BALLSTON — Citing a growing need to care for pets as adoptions have increased during the pandemic, the owner of Cornerstone Veterinary Hospital of Clifton Park approached officials with an urgent request to build a vet specialty office on Route 50.
In making that request, Dr. Alan Knott asked Ballston officials to make an exception to the town’s moratorium on development and allow him to build the vet office at 841-843 Route 50, which is a state highway.
Ballston’s Town Board held a public hearing on the matter Tuesday, and has up to 30 days to consider and act on the proposal. No private citizen spoke for or against the proposal during the virtual meeting.
Knott co-owns the Clifton Park business with his wife, Dr. Lisa Knott. They reside in Burnt Hills.
The Knotts are seeking a zoning variance to build a 4,999-square-foot office with a driveway and 29 parking spaces.
The specific square footage request is important, because the town has a moratorium on development projects of 5,000 square feet or larger.
The moratorium, which went into effect in 2020 and ends in April, addresses Ballston’s “significant concerns about potential impacts of certain types of development in town.” The moratorium gives the town time to update its 15-year comprehensive plan and revise town zoning and subdivision regulations.
But Knott and his lawyer are at odds with the town about their respective interpretations of the moratorium. The applicant’s lawyer, Rob Stout, said he does not believe the project needs a zoning variance. That’s because it’s 1 square foot shy of the moratorium threshold.
However, Town Supervisor Eric Connolly said the town’s attorney says the moratorium applies to projects that aim to disturb 5,000 square feet, which this project would.
“I think we have a difference of opinion as to the scope of the moratorium and whether or not the 5,000-square-foot threshold includes the entire disturbance,” said Stout, adding he was setting that issue aside for the purposes of demonstrating to the board that the project met the standard for the variance because the project suffers from practical difficulties or extraordinary hardships.
Stout said Knott was in negotiations to bring in veterinary specialists, surgeons and radiologists, but there’s currently a tight market for them. There’s up to a six-month waiting period to bring those types of professionals onboard, and prolonged coverage by the town’s moratorium would hinder the Knotts’ negotiations with them, the lawyer said.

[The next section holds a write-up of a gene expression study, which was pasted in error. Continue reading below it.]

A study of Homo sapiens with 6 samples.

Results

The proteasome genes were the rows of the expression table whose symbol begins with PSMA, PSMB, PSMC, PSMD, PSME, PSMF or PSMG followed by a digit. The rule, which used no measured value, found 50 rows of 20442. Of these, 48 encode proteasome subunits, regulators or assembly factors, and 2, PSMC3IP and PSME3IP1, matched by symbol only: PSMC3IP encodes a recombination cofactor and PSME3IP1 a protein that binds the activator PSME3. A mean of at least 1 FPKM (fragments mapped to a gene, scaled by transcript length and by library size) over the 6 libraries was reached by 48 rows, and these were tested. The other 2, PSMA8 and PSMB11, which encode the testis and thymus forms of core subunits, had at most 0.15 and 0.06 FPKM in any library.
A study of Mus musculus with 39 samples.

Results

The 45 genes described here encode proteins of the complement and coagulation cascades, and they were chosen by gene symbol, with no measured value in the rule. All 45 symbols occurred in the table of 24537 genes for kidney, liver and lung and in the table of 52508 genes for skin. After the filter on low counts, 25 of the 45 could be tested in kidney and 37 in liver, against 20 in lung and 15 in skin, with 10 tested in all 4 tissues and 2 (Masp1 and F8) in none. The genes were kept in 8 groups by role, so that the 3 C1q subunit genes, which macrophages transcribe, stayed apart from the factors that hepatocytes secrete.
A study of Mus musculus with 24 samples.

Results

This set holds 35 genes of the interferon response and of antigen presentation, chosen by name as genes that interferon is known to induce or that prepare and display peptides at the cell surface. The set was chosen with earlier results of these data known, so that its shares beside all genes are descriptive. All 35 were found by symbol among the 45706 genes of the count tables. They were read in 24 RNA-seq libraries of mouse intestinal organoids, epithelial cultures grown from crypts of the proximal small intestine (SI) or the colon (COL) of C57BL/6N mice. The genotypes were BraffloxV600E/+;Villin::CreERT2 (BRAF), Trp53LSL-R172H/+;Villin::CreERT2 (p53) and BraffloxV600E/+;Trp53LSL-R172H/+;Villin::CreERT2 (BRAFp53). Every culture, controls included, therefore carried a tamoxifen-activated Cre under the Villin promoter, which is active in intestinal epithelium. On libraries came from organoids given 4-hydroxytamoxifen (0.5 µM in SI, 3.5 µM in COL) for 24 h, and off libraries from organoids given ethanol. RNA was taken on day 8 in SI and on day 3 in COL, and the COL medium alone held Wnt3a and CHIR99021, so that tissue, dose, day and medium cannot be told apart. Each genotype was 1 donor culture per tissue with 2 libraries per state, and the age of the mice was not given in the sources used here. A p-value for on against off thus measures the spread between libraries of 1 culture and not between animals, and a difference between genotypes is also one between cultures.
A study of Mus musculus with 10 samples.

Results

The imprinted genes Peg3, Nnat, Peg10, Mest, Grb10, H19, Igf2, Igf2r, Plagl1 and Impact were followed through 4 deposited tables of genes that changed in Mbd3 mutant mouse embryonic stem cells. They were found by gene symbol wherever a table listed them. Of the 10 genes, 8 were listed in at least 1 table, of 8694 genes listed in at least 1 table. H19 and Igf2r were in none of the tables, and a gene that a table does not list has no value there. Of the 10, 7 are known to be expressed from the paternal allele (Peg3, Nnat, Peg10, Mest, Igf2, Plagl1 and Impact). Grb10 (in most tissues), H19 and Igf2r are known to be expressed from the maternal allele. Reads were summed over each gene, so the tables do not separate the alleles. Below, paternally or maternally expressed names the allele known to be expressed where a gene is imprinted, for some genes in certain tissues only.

Also, the Knotts specifically targeted a project of 4,999 square feet to meet the town rule. It otherwise would have proposed a larger project, Stout said.
The couple’s nearly 8,000-square-foot practice in Clifton Park boards and grooms animals, whereas the proposed Ballston facility would not provide those services.
It’s also incumbent on the applicant to demonstrate that the variance will not adversely affect the health, safety or welfare of town residents, or conflict with the purposes of the moratorium. Stout said the proposal would not harm any of those.
Another consultant on behalf of the applicant, Scott Lansing of Lansing Engineering, addressed town officials’ stated concerns about potential impact to traffic.
Lansing said impact would be minimal because the facility estimates 108 trips per day, while Route 50’s average annual daily traffic volume is approximately 13,200 trips.
“We’re less than 1% of traffic generation from the site, Lansing said.
Knott said it had always been a dream of his wife’s to establish veterinary care in her hometown.
Stout said there’s an acute need for specialty veterinary services in the area.
“There’s been a huge increase in the need for these types of services given the increase in pet ownership that was only exacerbated during the pandemic,” he said.
Knott added that even prior to the pandemic, the need for veterinary services increased almost tenfold.
In addition to increased pet adoptions, “people are just taking better care of their pets too,” Knott said.
Knott said he had already spent about $50,000 on acquiring the property and legal and consulting fees.
Contact reporter Brian Lee at [email protected] or 518-419-9766.